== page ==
How The Global Airline Industry Can Overcome Barriers To Growth And Innovation?
So what are the barriers which airline CEOs face when looking to expand? With the global economic realignment and rising profits, airline chief executives are looking to invest in research and development and planning to go on a hiring spree.
However, business leaders are concerned that they will not be able to find qualified candidates.
According to the 2014 Global Airline CEO Survey of over 1,300 CEOs in 68 countries by PricewaterhouseCoopers (PwC) suggests that availability of key skills is the biggest business threat to their organization’s growth.
Here are some of the most prevalent issues in the global airline industry:
Airline chief executives are more concerned than ever about being able to find the right people to fill these roles.
“The gap between the skills of the current workforce and the skills businesses need to achieve their growth plans is widening. Despite rising business confidence equating to more jobs, organisations are struggling to find the right people to fill these positions,” said Michael Rendell, Partner at PwC Global Head of HR Services practice.
Behind fuel costs, labour is the single largest operational cost – One of the biggest issues CEOs face is managing this cost.
Two in five chief executives said creating a more highly skilled workers should be one of government’s top priorities and over half of CEOs suggested regulation is hampering their ability to attract and retain talent into the business.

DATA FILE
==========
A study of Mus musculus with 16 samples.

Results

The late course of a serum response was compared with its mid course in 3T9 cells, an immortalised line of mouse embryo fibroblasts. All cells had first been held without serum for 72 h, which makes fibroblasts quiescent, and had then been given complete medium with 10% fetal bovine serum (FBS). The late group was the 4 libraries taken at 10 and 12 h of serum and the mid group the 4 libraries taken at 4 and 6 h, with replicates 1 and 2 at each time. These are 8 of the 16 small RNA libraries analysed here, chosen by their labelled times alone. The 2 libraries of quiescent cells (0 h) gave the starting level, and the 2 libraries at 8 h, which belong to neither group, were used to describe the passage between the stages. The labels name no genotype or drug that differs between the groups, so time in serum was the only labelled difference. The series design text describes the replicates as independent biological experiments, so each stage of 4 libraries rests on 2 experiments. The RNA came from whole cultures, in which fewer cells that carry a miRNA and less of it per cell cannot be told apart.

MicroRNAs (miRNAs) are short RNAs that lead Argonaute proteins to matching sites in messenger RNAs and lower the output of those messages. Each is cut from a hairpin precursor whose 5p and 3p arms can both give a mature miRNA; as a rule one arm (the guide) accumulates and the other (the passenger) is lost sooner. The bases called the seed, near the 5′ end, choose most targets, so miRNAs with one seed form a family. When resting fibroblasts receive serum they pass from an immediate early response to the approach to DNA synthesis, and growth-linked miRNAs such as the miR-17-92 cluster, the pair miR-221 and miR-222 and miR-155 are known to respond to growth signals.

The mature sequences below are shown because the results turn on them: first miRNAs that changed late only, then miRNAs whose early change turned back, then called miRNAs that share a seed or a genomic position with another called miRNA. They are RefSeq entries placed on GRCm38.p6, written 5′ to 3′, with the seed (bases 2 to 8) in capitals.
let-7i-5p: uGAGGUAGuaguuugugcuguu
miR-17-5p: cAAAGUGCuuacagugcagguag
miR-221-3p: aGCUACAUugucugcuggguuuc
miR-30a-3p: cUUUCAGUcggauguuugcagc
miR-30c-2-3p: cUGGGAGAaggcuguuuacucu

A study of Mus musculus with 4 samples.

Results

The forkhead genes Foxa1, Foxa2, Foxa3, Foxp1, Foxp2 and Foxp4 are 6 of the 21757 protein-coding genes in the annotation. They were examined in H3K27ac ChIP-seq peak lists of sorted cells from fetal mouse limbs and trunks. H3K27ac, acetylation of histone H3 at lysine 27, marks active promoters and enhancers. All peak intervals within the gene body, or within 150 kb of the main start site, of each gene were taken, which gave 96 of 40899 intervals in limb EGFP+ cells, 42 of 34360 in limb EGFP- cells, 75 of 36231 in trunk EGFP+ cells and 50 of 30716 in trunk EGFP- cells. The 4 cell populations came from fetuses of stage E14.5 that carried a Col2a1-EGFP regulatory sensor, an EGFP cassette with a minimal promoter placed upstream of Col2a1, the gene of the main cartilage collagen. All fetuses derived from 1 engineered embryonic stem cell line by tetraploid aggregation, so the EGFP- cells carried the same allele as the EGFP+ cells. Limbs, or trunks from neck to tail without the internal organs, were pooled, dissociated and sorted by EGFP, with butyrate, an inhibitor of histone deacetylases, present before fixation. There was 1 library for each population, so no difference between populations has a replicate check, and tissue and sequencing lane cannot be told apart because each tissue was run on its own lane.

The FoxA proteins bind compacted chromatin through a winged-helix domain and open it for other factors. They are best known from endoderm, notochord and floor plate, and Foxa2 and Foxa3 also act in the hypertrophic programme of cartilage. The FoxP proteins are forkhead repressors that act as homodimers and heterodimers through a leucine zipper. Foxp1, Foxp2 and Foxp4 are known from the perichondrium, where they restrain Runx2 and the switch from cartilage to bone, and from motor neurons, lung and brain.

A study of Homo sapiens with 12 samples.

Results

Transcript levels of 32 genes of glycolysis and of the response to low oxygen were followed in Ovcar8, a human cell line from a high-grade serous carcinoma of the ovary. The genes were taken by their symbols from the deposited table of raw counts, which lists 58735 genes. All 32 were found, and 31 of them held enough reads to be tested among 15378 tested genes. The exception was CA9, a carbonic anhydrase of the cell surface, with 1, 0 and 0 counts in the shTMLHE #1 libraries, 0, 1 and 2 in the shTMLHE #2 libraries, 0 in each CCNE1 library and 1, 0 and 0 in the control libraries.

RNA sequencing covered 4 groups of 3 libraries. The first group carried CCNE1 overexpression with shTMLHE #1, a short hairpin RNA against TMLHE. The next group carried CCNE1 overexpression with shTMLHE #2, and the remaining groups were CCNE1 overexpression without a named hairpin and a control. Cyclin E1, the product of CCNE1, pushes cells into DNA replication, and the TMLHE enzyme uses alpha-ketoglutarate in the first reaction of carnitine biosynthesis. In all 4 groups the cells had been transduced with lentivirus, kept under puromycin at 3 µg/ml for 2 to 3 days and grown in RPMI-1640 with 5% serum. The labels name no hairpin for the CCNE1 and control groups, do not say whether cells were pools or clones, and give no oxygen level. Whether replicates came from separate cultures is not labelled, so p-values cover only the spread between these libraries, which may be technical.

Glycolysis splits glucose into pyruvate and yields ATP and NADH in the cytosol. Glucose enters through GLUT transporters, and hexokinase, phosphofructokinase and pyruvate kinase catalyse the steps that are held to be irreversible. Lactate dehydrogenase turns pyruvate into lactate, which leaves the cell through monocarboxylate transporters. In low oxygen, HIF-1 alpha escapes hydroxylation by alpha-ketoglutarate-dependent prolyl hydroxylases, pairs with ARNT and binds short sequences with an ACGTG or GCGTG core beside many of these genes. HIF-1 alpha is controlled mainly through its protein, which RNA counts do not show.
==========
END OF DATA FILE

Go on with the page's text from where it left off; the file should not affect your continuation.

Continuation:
“CEOs are laying much of the blame for skills shortage at the feet of government and legislators, but they should accept that they need to re-think the way they think about, look for and value their employees,” Rendell said.
The airline industry faces a growing shortage in qualified pilots and increasing competition from other sectors for skills across a range of emerging needs.
Organisation reform continues to be important to achieving a lower cost base and further organisational design changes will also be needed if airlines are to become more customer-centric.
Inadequate infrastructure was cited as a concern by 79 percent of airline CEOs.
The area of critical focus is addressing talent challenges and related changes to organisational structure and design.
Airline CEOs are much more concerned about Over-regulation, increasing tax burden, consumer protection policies and the protectionist stances of national governments.
82% of airline CEOs are confident about airline industry revenue growth over next 12 months.
Q: What’s the next big thing to impact your business – the global airline industry?
A: Emerging middle class in developing countries will start to travel around the globe – Exponential increase in demand.
Q: What’s the next big thing to impact your business?
A: Open sky policy, air space control and airport infrastructure. These are the major hurdles to my business development.
Securing the leaders of tomorrow:
Long term workforce planning needs to be a central element in airline strategies, if they are planning to overcome the adverse demographic trends affecting their own workforces and the talent sources they traditionally drawupon.
To minimise increases in labour costs airlines will need to develop new strategies to attract and retain pilots in an increasingly competitive global market. These may include securing a pipeline through agreements with regional and smaller airlines, investing in or partnering with local governments in internal developmental academies, and re-negotiating existing collective bargaining agreements to remove or modify restrictive provisions.
To better capitalise on new opportunities that require skills in emerging fields, including social, mobile, cloud, analytics and retailing; airlines should increase recruitment in leaders from other industries that bring expertise in leading practices outside of the airline industry.
And better diversity strategies will help airlines widen the available talent pool and improve recruitment across entry and all other levels across the organisation.